Staying strong in strange times
Over a month ago, on our Social Work With Adults blog, we posted about the importance of maintaining connections as the pandemic continues to have an emotional, societal and practical impact on individuals, organisations and our wider communities.
As a sector, it remains important to foster resilience in the midst of these challenges as we all adjust to a ‘new normal’. This includes making sure we give ourselves some much needed care and compassion, even as we seek to do the same for others.
The publication of new health and wellbeing guidance for care and support professionals is therefore hugely welcome at this time.
Across the social care workforce, we have been moved by stories of dedication, kindness and empathy as so many of you continue to provide care and support in our communities, knowing the health risks involved, but going the extra mile anyway.
Many of you will have done this with the support of loved ones, balancing caring responsibilities with protecting your own health and minimising the risk (as far as possible) of entering self-isolation.
We cannot stress enough how important it is to prioritise your own wellbeing, especially now. There are a number of effective ways to support your mental health and improve your coping skills.
Not surprisingly, these include exercising, staying in touch with family and friends and trying not to continuously check the news. It’s also incredibly important to maintain a regular sleeping pattern, eat well and make time to do the things you enjoy (in a socially distanced way of course!).
Here are a couple of examples of what we’ve been doing to take care of our own wellbeing over this period:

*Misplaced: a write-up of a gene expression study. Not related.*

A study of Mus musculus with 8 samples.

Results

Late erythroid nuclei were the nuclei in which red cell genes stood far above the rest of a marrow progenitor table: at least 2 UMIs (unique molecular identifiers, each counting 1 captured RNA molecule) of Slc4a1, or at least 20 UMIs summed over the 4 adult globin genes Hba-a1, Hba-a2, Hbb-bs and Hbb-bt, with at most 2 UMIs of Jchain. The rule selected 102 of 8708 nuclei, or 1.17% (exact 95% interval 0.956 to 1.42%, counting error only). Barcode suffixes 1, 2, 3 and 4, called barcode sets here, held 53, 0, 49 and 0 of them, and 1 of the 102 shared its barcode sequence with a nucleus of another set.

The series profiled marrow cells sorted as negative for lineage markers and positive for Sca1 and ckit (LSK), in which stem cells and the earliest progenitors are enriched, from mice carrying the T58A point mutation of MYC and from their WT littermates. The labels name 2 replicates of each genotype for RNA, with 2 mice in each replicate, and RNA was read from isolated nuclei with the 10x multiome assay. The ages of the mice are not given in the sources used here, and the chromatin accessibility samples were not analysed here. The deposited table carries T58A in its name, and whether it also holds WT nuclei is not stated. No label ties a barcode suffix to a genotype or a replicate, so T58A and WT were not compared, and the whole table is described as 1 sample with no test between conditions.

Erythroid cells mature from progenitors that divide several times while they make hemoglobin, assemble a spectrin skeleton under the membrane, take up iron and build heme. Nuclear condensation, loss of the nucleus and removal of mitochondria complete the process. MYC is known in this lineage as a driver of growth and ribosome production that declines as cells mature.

Mark – Music has always been important to me and has played a vital part in finding some space to fill my mind with something else, the noisier the better. There are also those moments when it has all become a bit too much and tears are all that will work. When you work with such staggering and monumental loss every day, as all our colleagues are, it is OK to open up to the sadness and reflect on what is happening. Sharing and discussing at these times can also be very powerful and it may also help someone else at the same time.
Fran – I’ve been really looking after my physical and mental health by running and walking alternative mornings before work, staying in regular online contact with the people I love and spending time in my garden thanks to the warm weather. When I have felt wobbly or low, I have told someone and talked about it straight away. I’ve also been a listening ear for others, as I believe having a sense of purpose and helping others is also good for your overall mental health.
Apps, advice and toolkits
We encourage you to take some time to explore the resources available to you. In addition to the new health and wellbeing guidance for the adult social care workforce there are many other sources of practical tips, advice and services, including:
The Tavistock and Portman NHS Foundation Trust has also recently published wellbeing and support guidance for social care practitioners and managers responsible for providing social care services to adults.
A new dedicated care app for the adult social care workforce in England has been launched to support staff through the pandemic. We recommend you have a look at the wellbeing section on the new Care app and website, where you will find advice and toolkits on how to look after your mental and physical wellbeing.
You also have free access to a number of wellbeing apps to help you develop and maintain resilience, cope with stress, improve your sleeping patterns and explore mindfulness as a way of switching off from work.
If you are struggling, please reach out for help. You can use Shout’s messaging support service or call Hospice UK’s specialist number for coping with bereavement, trauma or anxiety as a result of COVID-19:
SHOUT: Text FRONTLINE to 85258
Hospice UK: Call 0300 3034434 between 8am and 8pm
We will get through this crisis, but the social care response will go way beyond this point. Working with people through times of grief, helping them re-build their lives, livelihood and supporting the communities they live in will be core to social care in the times ahead.
It is vital that we look after ourselves and our loved ones too, so that we can all cope, respond and adapt to a situation which has already changed all our lives.